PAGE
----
Monday, March 18, 2019

DOOM (2005)

PHENOMENALITY: *marvelous*
CAMPBELLIAN FUNCTIONS: *cosmological, psychological*

I've no familiarity with the 1993 video game DOOM or any of its later iterations. Wikipedia informs me that the original concept's "first-person shooter" scenario took a lone gunman  to the planet Mars, where he shoots it out with an assortment of demons from Hell itself. In contrast, the movie DOOM remains firmly within a science-fiction universe, aside from a highly speculative assertion by a scientist that there may be a genetic code for the human soul.

The year is 2046, and humankind has gained access to Mars by finding a teleport-device, left in Nevada by ancient Martians who apparently deserted their planet. There's no evidence as to what happened to the emigrants, and Mars itself shows no trace of living creatures, but a facility of Earth-scientists has been built on the planet to study the remains of the long-dead denizens. When communication between Mars and Earth breaks down, a squad of Marines, all armed to the teeth with advanced weapons, are sent via portal to Mars to rescue the scientists and, perhaps more importantly, their research. However, once there, the soldiers are repeatedly attacked by monsters.

Because of the combination of marines and monsters, some critics chose to see DOOM as overly indebted to the 1986 ALIENS. There are rough similarities, particularly the idea of humans attempting to co-opt alien science or resources for human military advantage. As in ALIENS, most of the military grunts are "doomed" to become cannon fodder. However, the David Callaham-Wesley Strick script emphasizes the way in which the monsters from the outside are identical to those on the inside.

Only three characters are of great consequence: the mission-leader "Sarge" (Dwayne Johnson), his subordinate "Reaper" (Karl Urban), and Samantha Grimm (Rosamund Pyke), who, in addition to being one of the facility's scientists, is also Reaper's twin sister. In between conflicts with monsters, Samantha eventually reveals that her fellow scientists performed a genetic analysis of the human-like inhabitants of Mars. The oldest remains of Martians showed 23 pairs of chromosomes, just like humans, but later Martians had 24 pairs. Samantha theorizes that the 24th chromosomal pair was synthetic, and that it boosted the strength and healing-powers of the natives. However, she further theorized that the genetic tinkering caused a cultural upheaval that resulted in the extermination of the race, including, presumably, those that failed to colonize Earth.

The plot-device of the long-distant upheaval recalls a similar trope from 1956's FORBIDDEN PLANET. In that film, the humans who investigate the titular world learn that its long-vanished native race invented mind-boosting machines that unleashed the "demons of the id," so that the natives destroyed themselves in their quest for advancement. In the course of all the monster-slaying, Samantha observes that although some monsters came about from the project using human test-servants, and others were "infected" by contact with mutated persons, the infection doesn't spread to everyone. She observes that the genetic mutation occurs only in persons who have a propensity for excessive violence in their (figurative) souls. This leads to a combative confrontation for Reaper, for his superior officer Sarge soon reveals the dark nature hidden behind his military facade. Fortunately, Reaper, who also gets exposed to the genetic mutagen, also has his positive nature boosted by the mutagen. Overall, I found DOOM a reasonably good example of military SF-cinema, though I found tedious the movie's attempt to reproduce a "first-person shooter" scenario. Happily, it only took up about five minutes toward the end.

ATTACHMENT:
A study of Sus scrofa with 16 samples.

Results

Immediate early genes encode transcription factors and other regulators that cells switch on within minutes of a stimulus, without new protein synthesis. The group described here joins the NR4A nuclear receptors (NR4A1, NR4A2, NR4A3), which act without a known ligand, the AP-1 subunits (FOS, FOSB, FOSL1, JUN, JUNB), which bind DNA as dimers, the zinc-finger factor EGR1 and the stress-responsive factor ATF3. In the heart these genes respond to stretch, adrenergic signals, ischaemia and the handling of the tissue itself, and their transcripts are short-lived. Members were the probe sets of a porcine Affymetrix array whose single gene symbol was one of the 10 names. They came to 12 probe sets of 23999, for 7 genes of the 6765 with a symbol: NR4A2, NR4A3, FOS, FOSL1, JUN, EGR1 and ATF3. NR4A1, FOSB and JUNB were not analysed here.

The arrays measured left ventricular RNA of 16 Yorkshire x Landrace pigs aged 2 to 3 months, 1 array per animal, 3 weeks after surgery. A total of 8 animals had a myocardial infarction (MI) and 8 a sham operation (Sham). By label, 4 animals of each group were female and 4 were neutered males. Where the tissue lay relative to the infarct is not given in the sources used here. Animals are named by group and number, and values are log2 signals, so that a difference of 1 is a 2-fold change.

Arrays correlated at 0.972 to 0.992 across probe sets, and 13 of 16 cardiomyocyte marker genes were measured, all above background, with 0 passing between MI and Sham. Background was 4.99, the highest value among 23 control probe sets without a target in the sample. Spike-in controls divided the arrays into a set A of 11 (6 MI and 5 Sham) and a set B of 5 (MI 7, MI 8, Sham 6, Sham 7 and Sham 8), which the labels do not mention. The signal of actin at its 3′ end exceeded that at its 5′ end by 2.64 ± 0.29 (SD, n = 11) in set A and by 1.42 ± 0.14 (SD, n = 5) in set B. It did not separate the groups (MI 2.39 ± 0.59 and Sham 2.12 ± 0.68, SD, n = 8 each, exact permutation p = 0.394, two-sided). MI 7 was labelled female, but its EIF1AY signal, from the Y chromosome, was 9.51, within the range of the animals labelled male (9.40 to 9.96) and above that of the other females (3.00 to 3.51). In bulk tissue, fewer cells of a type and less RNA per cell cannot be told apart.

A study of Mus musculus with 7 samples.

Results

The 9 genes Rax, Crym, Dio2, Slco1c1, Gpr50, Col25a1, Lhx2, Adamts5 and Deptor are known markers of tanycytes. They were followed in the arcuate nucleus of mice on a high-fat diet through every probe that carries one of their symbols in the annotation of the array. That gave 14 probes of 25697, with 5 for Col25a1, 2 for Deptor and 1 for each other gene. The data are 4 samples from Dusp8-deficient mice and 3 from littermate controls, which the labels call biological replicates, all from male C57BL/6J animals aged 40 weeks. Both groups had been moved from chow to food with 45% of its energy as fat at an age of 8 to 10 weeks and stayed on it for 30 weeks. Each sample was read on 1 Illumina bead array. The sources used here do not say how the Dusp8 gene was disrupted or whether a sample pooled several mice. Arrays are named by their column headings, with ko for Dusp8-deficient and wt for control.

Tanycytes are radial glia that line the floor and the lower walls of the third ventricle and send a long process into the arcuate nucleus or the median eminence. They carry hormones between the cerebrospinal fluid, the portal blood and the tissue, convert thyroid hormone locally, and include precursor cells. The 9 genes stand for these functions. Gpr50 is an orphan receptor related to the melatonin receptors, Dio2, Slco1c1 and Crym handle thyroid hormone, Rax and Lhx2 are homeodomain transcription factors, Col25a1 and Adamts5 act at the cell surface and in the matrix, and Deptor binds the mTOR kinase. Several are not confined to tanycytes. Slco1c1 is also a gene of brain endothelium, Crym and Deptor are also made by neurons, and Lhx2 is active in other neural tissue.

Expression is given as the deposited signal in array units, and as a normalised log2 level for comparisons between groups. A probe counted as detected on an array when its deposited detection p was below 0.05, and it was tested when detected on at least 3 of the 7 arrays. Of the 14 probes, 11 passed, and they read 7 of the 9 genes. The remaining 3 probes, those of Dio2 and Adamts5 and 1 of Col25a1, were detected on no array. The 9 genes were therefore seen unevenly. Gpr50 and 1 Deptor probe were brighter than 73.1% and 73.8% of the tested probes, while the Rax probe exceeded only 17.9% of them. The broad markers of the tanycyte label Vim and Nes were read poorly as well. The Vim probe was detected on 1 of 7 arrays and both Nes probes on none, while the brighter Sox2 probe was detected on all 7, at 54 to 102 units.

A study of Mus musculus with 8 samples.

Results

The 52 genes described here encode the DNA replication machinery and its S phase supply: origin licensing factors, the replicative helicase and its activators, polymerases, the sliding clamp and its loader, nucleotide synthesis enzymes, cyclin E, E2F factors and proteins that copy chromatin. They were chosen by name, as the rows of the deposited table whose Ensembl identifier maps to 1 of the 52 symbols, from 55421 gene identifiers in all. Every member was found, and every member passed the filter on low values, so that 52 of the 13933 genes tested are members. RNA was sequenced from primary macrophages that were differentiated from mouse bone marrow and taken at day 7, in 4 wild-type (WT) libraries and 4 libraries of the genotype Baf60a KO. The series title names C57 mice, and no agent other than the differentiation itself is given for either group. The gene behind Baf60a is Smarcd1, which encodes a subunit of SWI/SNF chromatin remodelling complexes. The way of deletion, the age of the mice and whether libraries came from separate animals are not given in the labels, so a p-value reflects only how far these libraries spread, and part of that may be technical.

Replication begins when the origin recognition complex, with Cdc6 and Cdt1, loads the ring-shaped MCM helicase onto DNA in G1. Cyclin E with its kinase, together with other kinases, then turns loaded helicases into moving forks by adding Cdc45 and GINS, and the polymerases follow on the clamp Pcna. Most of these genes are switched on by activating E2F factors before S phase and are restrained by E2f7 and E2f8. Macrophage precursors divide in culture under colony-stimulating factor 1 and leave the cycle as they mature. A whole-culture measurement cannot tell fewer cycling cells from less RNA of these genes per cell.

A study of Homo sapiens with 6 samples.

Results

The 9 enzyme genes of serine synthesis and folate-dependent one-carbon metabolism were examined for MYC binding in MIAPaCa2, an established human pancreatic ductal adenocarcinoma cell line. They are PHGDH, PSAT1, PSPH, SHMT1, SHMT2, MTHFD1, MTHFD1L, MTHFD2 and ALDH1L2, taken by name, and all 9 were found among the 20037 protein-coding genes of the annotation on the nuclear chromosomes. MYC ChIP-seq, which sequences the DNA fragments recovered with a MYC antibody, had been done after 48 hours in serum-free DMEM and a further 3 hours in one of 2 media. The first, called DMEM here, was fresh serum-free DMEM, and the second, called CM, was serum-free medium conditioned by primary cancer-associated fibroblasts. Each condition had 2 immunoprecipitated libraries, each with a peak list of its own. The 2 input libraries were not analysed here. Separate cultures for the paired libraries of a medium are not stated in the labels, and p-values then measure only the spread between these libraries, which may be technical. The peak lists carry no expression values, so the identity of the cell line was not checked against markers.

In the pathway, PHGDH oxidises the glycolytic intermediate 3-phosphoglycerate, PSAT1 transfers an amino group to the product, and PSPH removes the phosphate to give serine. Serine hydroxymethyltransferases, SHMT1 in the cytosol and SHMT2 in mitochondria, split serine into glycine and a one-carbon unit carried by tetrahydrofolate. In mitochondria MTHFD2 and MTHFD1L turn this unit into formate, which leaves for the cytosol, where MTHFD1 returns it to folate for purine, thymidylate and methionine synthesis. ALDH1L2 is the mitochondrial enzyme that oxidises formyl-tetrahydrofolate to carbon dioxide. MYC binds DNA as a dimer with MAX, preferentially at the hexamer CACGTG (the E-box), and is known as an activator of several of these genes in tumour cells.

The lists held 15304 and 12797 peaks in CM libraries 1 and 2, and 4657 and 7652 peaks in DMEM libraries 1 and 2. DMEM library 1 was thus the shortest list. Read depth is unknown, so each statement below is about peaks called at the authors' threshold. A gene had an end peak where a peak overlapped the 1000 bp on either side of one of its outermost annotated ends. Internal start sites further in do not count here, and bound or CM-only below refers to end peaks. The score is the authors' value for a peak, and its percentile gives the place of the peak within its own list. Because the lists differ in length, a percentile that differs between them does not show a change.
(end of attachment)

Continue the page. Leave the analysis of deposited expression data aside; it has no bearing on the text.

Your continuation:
Whereas ALIENS is a film in which the titular extraterrestrials are on center stage, dwarfing the importance of the space-marines fighting them, determining the "main characters" of DOOM becomes a little more dicey, given that the actual Martians are all dead. However, their genetic legacy-- that of passing on the mutagen  that can enhance either "good" or "evil"-- has more central importance to the narrative than any of the three human characters. A quick check of Wikis about the video game suggests that there's no generic name for the "Doom Monsters," probably because they are largely supposed to be either Hell-demons or humans possessed by demons. So for my own satisfaction, I'll state that the stars of DOOM are indeed the "Doom Mutants"-- and, since both Sarge and Reaper become affected by the mutagen, they become reflections of the mutagen's potential to create both monsters and monster-fighting heroes.

ADDENDUM: Though there are no literal devils in the movie, it's interesting that in one scene Samantha demonstrates that mutagen-infected flesh literally goes out of its way to infect violent people, and ignores those who are not so spiritually polluted. This may be a psuedo-scientific way of saying that people who have already "signed over the souls to the Devil" are the main victims of the mutagen.